The Ultimate Chinese Opera


But even for a princeling -- the sons of revolutionary leaders now the lords of new China -- he went overboard. His charisma was too infectious; he was too populist; he exhumed Maoist "red songs"; he displayed no-holds-barred naked ambition; and -- big mistake -- he antagonized the wrong people, including President Hu Jintao and Premier Wen Jiabao. Worse still: Bo and Gu's son Guagua shamelessly -- and trans-continentally -- flaunted his wealth, epitomising everything wrong about big, brass China.  

Still, the inside word in Beijing is that Hu Jintao himself chose not to criminally charge Bo (the Hefei judges, by the way, were all nominated by Hu faithful). In exchange, Hu ended up placing all "his" men at the Politburo, and will probably remain the head of the powerful Central Military Commission for two extra years.

Beijing may have sold the illusion -- to the outside world but especially to 1.3 billion Chinese -- that the whole proceedings were lawful, while preserving the sacrosanct "Party unity." Is it that simple? Of course not.

This Mandarin version of Dostoevsky's Crime and Punishment also happens to double as the tale of a sacrificial lamb -- with fascinating historic parallels.

In 1976 the female sacrificial lamb was the ferocious Jiang Qing, Mao's widow, and her three accomplices in the Gang of Four, who were blamed for the Cultural Revolution disaster. In 2012 the female sacrificial lamb is Gu and her three accomplices -- Bo Xilai, his sidekick Wang Lijun and bodyguard Zhang Xiaojun (he's the one who may actually have forced Heywood to ingest cyanide). They were blamed by Prime Minister Wen Jiabao himself of trying to drag China back to Maoism.

Gu, at first the Black Spider who shook the Party to its core, now can even be cast -- again, by the Party -- in the role of "martyr" (for the nation, or for the Money Laundering God?). The new official narrative emphasises her "mental problems" and her drama as a caring mother trying to protect her son Guagua from evil foreigner Heywood. At least she won't have to face a firing squad.    

Here's what was filtered. The Politburo Standing Committee -- as in the ultra-refined oligarchy of China's "deciders" -- from now on is made up of only seven members, instead of nine (the Politburo is made up of 25 members).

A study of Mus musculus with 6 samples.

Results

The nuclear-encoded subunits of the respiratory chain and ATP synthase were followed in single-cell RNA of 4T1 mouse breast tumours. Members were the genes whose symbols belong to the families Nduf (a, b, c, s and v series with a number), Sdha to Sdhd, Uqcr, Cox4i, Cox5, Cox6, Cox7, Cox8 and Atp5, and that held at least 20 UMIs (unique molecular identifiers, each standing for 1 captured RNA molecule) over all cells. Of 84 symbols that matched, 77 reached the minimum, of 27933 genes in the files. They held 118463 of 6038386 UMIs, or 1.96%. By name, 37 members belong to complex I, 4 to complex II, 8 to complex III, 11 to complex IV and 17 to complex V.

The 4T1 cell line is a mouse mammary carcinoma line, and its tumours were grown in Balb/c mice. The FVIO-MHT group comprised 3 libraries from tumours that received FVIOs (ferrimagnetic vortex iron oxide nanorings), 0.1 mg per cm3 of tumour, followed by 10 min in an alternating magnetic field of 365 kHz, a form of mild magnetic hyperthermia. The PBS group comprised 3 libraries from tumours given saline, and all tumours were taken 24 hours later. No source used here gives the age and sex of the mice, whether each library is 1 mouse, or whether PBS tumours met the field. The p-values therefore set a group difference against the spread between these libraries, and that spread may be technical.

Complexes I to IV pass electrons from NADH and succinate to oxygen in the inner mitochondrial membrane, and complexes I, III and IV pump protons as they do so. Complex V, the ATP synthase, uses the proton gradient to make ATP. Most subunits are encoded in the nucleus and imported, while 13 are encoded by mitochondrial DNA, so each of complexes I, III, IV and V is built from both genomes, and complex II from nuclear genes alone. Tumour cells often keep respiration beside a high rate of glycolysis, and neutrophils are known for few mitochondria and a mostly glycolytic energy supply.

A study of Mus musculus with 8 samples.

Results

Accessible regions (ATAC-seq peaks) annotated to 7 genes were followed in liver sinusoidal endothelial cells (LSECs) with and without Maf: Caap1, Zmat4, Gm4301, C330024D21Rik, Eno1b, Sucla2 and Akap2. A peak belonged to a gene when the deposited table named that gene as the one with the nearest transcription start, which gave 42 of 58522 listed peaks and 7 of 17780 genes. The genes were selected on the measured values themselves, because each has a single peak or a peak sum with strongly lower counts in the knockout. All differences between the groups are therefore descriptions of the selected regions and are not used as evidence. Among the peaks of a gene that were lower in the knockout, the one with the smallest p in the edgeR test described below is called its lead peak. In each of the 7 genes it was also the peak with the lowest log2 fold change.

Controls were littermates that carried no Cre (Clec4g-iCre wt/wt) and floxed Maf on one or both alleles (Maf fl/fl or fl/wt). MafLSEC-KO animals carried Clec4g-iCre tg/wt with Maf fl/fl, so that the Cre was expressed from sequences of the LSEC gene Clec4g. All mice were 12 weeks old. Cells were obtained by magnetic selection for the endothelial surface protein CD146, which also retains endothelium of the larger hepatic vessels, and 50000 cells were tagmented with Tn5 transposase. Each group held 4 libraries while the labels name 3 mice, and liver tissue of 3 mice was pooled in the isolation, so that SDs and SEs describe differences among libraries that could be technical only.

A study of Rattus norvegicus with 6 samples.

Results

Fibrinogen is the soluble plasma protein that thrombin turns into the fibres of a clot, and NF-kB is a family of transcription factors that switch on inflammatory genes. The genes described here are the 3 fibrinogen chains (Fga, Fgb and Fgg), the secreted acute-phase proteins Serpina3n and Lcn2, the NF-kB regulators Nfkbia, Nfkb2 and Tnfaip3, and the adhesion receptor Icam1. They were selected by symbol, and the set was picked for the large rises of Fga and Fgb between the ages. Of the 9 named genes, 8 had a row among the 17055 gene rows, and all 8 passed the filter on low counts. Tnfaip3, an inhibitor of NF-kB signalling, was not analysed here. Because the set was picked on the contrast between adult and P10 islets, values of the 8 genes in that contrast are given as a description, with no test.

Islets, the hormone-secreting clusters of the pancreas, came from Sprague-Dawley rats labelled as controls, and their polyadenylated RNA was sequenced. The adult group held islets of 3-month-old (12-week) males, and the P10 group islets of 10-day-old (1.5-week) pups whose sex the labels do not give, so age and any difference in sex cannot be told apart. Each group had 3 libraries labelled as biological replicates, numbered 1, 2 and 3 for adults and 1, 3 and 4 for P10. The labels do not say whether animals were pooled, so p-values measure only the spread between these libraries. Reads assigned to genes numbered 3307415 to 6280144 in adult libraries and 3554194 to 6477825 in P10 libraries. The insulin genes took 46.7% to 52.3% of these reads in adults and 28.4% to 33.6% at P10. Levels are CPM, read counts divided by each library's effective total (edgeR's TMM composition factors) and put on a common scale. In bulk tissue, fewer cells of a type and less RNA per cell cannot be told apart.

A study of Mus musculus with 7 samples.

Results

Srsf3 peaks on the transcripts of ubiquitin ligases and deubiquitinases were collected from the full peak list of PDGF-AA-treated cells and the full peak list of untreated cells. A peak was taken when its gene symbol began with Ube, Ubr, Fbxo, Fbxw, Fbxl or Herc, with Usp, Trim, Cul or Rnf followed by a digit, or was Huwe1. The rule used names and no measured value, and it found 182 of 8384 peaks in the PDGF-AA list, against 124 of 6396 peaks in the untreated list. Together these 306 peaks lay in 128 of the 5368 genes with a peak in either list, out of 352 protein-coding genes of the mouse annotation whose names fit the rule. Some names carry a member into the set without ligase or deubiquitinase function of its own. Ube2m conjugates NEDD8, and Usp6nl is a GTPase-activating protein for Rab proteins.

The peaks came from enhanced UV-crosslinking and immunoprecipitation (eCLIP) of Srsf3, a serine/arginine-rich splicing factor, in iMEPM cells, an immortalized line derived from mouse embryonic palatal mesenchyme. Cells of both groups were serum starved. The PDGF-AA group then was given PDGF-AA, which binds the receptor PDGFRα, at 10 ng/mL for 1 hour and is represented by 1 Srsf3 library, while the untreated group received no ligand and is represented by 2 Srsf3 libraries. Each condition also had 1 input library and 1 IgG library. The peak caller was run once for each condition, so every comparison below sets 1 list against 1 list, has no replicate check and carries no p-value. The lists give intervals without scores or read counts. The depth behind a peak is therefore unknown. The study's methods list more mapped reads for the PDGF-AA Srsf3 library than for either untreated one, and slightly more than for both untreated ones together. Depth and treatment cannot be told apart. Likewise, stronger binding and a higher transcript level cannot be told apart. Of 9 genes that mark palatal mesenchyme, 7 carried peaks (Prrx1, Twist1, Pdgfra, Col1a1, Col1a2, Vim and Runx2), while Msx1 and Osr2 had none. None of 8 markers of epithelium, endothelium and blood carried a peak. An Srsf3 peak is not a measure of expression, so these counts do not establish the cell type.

Everyone knew it but now it's official: Xi Jinping and Li Keqiang will follow Hu Jintao and Wen Jiabao as President and Prime Minister until 2022.

All the 25 Politburo names have been decided, even though no one has the full list.  

Bo Xilai will be internally punished alongside a bunch of functionaries and even generals who were about to launch a neo-Maoist coup (at least according to the Party's official version).

Put a Mao in your market

There are rumblings the mandarins in Beidaihe have also discussed the role of the state in China's economy, and how to bridge the inequality gap between the plutocracy and the masses; how to set up a justice system independent from the Party; and how to reign in widespread corruption and abuse of power.

But unlike the predetermined conclusion of the Black Spider's trial, the verdict is open on how the mandarins will bridge the gap between ironclad communist ideology and runaway greed, lofty moral standards and unbridled corruption, revolutionary myth and capitalist reality, and "market socialism" and neoliberalism.

A homicide, a purge, a rash of condemnations, widespread censorship, recycled Confucianism, re-education, repression, ego wars -- the whole thing shrouded in mystery. It simply doesn't add up; it is a remixed Sun Tzu's Art of War sprinkled with trashy Hollywood antics. Beyond the lethal kiss of the Hefei trial and the Beidaihe conclave, the ultimate Chinese opera continues. Up next: The Trials and Tribulations of Maoist turbo-capitalism?